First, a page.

Breakfasting in the Classroom May Help Increase Test Scores, Finds Study

By Holly Kurtz — April 25, 2014 4 min read

The study, published online March 14, is scheduled to appear in a future issue of the peer-refereed Journal of Policy Analysis and Management. For the study, Scott Imberman, an associate economics professor at Michigan State University, and Adriana Kugler, a public policy professor at Georgetown University, analyzed math and reading test results for 6,353 5th graders at 84 schools in a large (200,000-student) high-poverty Southwestern school district that is not named in the article. During the study period in the spring of 2010, the district was in the process of moving its universal, free school breakfast program from the cafeteria to the classroom in order to make it easier for students to eat their morning meal at school.

Some of the schools moved breakfast from the cafeteria to the classroom prior to state exams. For logistical reasons, an otherwise similar set of schools waited until after the testing period had ended.

The researchers found that 5th graders who had the opportunity to eat breakfast in the classroom scored slightly higher in both reading and in math than did students at schools that were still providing the meal in the cafeteria. The differences were the equivalent of moving from the 50th to the 54th percentile in math and from the 50th to the 52nd percentile in reading. The increases were larger for students who were lower-performing, lower-income, and skinnier.

However, Imberman and Kugler found no differences in the classroom grades of students at schools that moved breakfast to the classroom earlier rather than later in the term.

“While this could be due to teachers curving their grades to match the new higher performance of students, this is also consistent with the achievement results being due to improved test performance rather than learning,” they write.

Even if in-breakfast classrooms do, indeed, improve test scores without increasing learning, this could still benefit students and schools since schools with low test scores face sanctions under federal and state accountability rules, the researchers note. In the district studied, students who failed the 5th grade tests were also supposed to be retained in grade.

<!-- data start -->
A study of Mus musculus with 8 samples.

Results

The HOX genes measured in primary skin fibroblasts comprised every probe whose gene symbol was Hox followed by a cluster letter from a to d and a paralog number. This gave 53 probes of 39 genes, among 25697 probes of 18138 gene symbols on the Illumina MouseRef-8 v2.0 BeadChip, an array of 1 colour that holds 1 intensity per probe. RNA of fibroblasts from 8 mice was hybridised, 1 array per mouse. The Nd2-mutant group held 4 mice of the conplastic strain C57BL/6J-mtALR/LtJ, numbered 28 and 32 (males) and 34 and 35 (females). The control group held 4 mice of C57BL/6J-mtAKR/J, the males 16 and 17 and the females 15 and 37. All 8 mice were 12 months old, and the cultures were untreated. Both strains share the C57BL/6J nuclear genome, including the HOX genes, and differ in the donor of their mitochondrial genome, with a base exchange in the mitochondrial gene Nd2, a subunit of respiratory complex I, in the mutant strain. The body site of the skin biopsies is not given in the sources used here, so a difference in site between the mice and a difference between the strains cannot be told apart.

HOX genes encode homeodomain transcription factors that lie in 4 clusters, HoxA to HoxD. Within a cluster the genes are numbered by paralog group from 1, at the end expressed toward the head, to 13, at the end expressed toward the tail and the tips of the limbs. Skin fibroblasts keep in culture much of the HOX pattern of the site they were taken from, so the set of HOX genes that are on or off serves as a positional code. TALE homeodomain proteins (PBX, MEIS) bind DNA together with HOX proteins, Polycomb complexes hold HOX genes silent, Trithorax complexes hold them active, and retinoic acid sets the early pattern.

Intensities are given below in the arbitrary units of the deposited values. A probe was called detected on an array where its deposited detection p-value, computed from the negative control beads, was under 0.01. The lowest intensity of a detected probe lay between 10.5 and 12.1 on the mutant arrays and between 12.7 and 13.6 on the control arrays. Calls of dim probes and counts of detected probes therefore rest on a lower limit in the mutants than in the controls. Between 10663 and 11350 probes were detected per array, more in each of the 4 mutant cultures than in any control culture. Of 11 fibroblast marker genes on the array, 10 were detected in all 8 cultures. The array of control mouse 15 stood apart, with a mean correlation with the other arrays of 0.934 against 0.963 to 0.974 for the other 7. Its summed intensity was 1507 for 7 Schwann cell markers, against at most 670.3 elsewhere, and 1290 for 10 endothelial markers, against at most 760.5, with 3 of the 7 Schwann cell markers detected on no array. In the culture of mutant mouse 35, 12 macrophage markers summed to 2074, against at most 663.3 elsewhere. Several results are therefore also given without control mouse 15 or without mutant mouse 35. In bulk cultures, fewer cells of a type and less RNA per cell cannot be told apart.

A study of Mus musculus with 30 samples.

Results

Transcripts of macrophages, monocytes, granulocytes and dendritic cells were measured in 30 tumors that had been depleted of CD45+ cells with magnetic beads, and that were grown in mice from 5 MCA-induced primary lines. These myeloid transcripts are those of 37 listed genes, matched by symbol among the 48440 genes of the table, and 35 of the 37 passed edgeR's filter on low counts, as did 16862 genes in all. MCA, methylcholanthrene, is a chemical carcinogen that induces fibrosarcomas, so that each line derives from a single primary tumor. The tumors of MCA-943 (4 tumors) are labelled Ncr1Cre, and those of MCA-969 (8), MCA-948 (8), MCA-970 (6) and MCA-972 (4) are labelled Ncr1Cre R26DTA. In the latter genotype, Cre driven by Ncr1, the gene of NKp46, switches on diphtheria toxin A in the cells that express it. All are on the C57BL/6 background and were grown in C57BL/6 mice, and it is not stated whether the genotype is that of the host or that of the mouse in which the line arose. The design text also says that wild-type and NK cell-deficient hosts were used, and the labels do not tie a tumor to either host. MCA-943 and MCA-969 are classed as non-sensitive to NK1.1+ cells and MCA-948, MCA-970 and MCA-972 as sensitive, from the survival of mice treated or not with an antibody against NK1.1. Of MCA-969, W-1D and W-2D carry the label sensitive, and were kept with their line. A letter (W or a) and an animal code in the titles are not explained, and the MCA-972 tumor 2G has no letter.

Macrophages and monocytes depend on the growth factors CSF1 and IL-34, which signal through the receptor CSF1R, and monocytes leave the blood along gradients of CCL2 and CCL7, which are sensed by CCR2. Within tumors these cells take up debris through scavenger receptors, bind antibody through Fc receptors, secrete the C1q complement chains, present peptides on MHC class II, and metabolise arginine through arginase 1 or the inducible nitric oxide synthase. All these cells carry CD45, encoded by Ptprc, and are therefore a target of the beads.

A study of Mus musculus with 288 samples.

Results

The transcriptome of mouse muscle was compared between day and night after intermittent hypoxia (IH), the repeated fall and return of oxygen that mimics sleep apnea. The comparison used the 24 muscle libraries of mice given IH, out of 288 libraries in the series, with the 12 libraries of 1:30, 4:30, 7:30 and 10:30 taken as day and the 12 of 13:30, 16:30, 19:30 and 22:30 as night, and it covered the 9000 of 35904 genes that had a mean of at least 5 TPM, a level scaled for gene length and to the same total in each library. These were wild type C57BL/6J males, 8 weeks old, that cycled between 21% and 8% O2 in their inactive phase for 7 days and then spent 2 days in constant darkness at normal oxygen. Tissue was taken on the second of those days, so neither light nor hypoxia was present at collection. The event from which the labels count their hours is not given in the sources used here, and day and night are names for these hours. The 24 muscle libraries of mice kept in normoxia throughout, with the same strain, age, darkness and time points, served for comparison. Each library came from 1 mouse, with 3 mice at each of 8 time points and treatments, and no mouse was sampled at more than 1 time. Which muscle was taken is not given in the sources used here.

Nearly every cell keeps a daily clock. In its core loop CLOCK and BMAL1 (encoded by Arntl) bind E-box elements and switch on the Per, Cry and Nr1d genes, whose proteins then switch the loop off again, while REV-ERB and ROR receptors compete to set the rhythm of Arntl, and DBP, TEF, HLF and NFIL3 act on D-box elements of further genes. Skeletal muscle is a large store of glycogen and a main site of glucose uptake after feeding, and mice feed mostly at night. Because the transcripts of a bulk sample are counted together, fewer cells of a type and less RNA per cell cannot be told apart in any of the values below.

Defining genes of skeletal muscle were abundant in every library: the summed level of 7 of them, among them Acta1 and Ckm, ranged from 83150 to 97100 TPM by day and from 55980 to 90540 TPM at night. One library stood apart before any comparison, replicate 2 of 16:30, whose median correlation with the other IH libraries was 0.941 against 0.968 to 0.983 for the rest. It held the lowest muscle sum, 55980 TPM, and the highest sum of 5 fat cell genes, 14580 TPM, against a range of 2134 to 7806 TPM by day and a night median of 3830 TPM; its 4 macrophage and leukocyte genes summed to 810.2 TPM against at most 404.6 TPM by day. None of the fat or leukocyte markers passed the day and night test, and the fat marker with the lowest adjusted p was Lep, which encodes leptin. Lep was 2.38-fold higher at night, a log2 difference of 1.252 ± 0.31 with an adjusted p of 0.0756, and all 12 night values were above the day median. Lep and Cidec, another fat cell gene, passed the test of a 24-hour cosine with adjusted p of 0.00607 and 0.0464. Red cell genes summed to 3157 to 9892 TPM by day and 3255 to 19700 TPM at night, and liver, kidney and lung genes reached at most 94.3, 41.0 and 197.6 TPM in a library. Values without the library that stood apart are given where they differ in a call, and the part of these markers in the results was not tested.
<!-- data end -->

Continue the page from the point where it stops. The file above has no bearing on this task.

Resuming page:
Imberman and Kugler argued that, for these reasons, in-classroom breakfasts are cost-effective interventions since they raise test scores at an added expense of $91 per student, per year. In-classroom breakfast did not cause the cost-per-breakfast to rise. Rather, the increases occurred because the proportion of students who ate breakfast at school grew. A district analysis found that the percent of school breakfast eaters rose from 33 percent to 88 percent. (Nationwide, about half of children who participate in the free or reduced-price lunch program also eat breakfast at school.) One reason for the increase was that schools did more than relocate breakfast. They also rescheduled it from before to after the start of the school day, meaning students no longer needed to arrive early if they wanted breakfast.

Imberman and Kugler noted that a survey conducted by the district they studied found that moving breakfast to the classroom consumed a limited amount of instructional time; 93 percent of principals said the in-classroom breakfast took 15 minutes or less. However, in Chicago, Los Angeles and other districts that started serving breakfast in the classroom, teachers have expressed serious concerns about losing out on class time. They have also said that in-classroom breakfasts create messes that attract insects and rodents, especially when schools do not have enough custodians.

Educators and parents also worry that children who eat breakfast at home may be tempted to eat the meal again in school if it is served in the classroom during the school day, putting them at risk of obesity. After years of increases, childhood obesity rates have leveled off in the past decade to 17 percent of those between the ages of 2 and 19. However, there is also evidence of a growing gap between the obesity rates of youth from higher-income families and those from lower-income families, where children are more likely to be obese as a result of consuming high-calorie, low-cost food.

Imberman and Kugler had no way of knowing whether the policy they studied led children to gain unhealthy amounts of weight because they were doubling up on breakfast. However, in their paper, they cite past research that found that on weekdays when children ate breakfast at school, their total daily food intake was actually lower than it was on weekends, when school meals were unavailable. They also noted that 12 to 35 percent of children skip breakfast entirely each day, a practice that can also increase the risk of obesity because extreme hunger later in the day may lead to overeating.